Chef Amber Michelle

Dave and Theresa Bosteter

Cedar Hill Farm Local

It's a day like today when I realize I'm in the right place, at the right time, with the right people. On the outskirts of town, in a community called Cedar Hill, I spent a couple of hours with Dave and Theresa Bosteter. I first learned of Theresa and her quest, through Pauline Pao, Aztec Farmers Market Manager. "Theresa is doing a really good thing out there with the old school house, you should give her a call," she prompted. I then spoke with Theresa's husband, Dave. All of his information was preceded or proceeded by his wife's name. How great is that? Finally, I got Theresa herself, not an easy woman to catch up with, and for good reason. She's busy! First we met at the Cedar Hill School House, now called the Cedar Hill Farm Local, of which, Theresa is president. (It's funny to write that, maybe we should have a farmer for POTUS.) This is where the Cedar Hill farmers market is held every Saturday, from 10:00 a.m. through 2:00 p.m. On 550 heading north, follow the signs, turn just after the bridge. (Instead of taking three other turns and exploring the residential community and basically crashing someone's family picnic, like I did. Lovely people, pointed me in the right and opposite direction.)

It's a small, but mighty market and there's much more than meets the eye here. Theresa is the driving force behind it. If you haven't been, go. They have TOMATOES! There are three farmers and many other vendors of crafts, honey, fancifood stuffs, and useful and beautiful things for your home. The store is set up all season with farmers and Frito pie and ice cream, in and around everything. As far as I'm concerned this Farm Local is the new Fabulous.

The School House, which recently gained non-profit status, was built in 1908. Plans for a 110th birthday party are underway for next year. It served as a schoolhouse until 1945 and since then has been holding its own as many things; community center, wedding chapel, reception room, and other events to keep it going and on its feet. Keeping it going, maintained and thriving is what Theresa does, by enlisting the help of the immediate community when they can and also by reaching out to the community at large to offer the school house as a venue for meetings, parties and other functions. Enter the farmers market.

The Farm Local and community craft store serve as a fundraiser and awareness center for the School House. "People see the signs for Frito pie and ice cream and come in!" exclaims Theresa. "We had a bus pull up with a family reunion, and their great-grandpa got out and told stories about when he attended school here," she says. "We meet all kinds of people who knew the place, and come in to tell their stories about it," agrees Dave.

When you enter, you'll see improvement efforts, but also improvement needs. It's old and needs help, and it's up to us all. The volunteer fire department is doing their part with ongoing roof repairs, but it needs much more. Even though it's an historical building, it lost registry eligibility when a restroom was added. "I'm not getting rid of that," Theresa states, matter-of-factly. Wise decision.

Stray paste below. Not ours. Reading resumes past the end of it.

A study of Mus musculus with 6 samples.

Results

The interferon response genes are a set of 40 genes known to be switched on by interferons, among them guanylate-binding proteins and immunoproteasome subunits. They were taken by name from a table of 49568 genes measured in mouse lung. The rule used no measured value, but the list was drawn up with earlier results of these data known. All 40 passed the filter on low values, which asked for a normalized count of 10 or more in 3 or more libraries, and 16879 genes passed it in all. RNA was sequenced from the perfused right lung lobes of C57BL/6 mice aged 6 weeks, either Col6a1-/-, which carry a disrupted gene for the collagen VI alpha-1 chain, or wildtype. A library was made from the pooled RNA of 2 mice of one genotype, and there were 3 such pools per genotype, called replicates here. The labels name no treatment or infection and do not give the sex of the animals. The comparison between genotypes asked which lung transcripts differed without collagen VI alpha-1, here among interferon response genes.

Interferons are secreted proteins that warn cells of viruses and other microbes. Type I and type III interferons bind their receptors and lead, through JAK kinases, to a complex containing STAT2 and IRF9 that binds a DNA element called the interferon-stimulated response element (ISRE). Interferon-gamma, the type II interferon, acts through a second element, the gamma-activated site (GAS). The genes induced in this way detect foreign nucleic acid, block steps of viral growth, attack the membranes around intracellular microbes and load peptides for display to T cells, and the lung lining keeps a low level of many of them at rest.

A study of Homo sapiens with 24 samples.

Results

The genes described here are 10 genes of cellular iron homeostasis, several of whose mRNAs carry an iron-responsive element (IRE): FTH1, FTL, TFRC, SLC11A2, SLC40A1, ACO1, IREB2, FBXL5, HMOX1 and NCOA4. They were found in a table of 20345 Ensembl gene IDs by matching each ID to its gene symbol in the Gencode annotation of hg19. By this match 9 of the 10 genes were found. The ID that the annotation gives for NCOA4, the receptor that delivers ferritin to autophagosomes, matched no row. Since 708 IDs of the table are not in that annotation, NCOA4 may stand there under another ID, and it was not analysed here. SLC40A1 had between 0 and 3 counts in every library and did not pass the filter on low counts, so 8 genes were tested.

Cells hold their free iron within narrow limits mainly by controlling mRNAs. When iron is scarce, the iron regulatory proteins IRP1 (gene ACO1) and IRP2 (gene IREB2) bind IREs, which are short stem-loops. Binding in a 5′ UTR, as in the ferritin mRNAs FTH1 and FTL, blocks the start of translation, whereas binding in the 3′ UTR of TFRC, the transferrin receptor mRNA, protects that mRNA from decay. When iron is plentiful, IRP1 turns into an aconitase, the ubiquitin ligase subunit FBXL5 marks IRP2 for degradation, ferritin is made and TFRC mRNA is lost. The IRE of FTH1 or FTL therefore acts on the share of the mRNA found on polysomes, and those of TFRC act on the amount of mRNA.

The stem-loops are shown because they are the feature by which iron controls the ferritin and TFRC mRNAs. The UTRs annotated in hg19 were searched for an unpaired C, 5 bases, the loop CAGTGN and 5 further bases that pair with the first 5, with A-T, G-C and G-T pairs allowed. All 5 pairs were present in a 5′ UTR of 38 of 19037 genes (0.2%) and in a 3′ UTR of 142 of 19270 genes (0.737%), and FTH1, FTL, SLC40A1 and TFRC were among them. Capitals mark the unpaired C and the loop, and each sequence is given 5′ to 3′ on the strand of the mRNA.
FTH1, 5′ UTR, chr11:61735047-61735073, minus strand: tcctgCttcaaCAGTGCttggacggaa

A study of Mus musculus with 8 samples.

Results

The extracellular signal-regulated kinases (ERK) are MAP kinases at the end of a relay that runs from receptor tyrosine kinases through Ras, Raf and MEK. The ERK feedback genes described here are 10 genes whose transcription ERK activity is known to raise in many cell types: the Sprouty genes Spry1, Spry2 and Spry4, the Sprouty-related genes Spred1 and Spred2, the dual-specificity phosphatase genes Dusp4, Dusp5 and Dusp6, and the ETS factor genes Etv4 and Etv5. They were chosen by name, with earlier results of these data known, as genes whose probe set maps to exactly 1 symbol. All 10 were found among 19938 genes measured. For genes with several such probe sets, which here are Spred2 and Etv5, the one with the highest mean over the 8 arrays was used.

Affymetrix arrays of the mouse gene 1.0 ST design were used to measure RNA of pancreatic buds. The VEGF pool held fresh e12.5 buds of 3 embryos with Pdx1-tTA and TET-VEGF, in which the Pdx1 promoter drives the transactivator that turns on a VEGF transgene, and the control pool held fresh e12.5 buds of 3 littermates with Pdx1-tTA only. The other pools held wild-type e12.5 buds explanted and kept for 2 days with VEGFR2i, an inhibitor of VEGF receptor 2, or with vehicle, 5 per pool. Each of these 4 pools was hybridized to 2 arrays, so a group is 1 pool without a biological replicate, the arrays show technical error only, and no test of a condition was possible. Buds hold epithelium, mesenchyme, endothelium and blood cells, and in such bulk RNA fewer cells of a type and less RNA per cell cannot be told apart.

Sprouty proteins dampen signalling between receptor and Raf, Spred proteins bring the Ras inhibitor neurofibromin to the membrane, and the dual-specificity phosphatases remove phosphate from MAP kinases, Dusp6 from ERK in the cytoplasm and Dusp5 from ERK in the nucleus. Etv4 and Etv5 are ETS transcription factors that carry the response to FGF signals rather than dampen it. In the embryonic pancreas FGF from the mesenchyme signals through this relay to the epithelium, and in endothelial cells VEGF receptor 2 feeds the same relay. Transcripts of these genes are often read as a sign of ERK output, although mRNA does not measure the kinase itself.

Please do anything you can to help; donate money, materials and work, hold fundraisers, events, it's a great business meeting site (out of the way, quiet, can be catered), bridge, ladies that lunch. The School holds about 70 people plus there's outside seating for about as many. Personally, I'm thinking cooking classes. It's deductible and it's our community. Two rules: no alcohol, no dancing.

After the stories and glory of the schoolhouse, I was invited to the Bosteter's home. I'm always so knocked out with an invitation to someone's home; it makes me feel good about myself, and honored to be invited into someone's personal and family space. That's where I met Chuckie, the garden. Yes, their garden has a name. At the urging of their New Mexico cousin, Theresa and Dave came to New Mexico. Dave received a transfer to Albuquerque while Theresa started on home remodeling and the garden development of their property with cousin Chuckie. He plowed and tilled and leveled so they could garden this very special spot of paradise. It's where dreams began. Sadly, he has since passed on, but his enthusiasm and vision for his family's happiness is alive with tomatoes, okra, herbs (my aromatic dinner), hops, peppers, berries of all kinds, and so much more ... Chuckies Veggies.

The Cedar Hill historic school house gets new bell tower (file photo)

I was invited inside to get my "score" of Chuckies Veggies bagged, and met Theresa's parents. Inside was a wonderful savory, mouth-watering aroma. Her dad was making jerky. YUM. It's also available at the Cedar Hill Farm Local. By this time, I'm full of everything; love, spiritual fulfillment, sensual acuity, and then (drumroll please), La Piece de Resistance, Ice Cream! Not just any ice cream, THE ice cream. That may be another article, but for now, let me just say, you will never be the same.

So GO! Buy the ice cream, have a Frito pie, get some veggies, recipes, sign up for the potluck, and take home some jerky. Bring your kids, donate some paint, or time, labor, whatever you can, and enjoy your Saturdays at Cedar Hill Farm Local.

Chef Amber Michelle is a CIA educated chef, cultural explorer, and the cook, cleaner and bottle washer of Holly Ester's Tasty Toffeebread, a wholesale cookie company, and gruvitacos, a seasonal taco trailer, in Navajo Dam.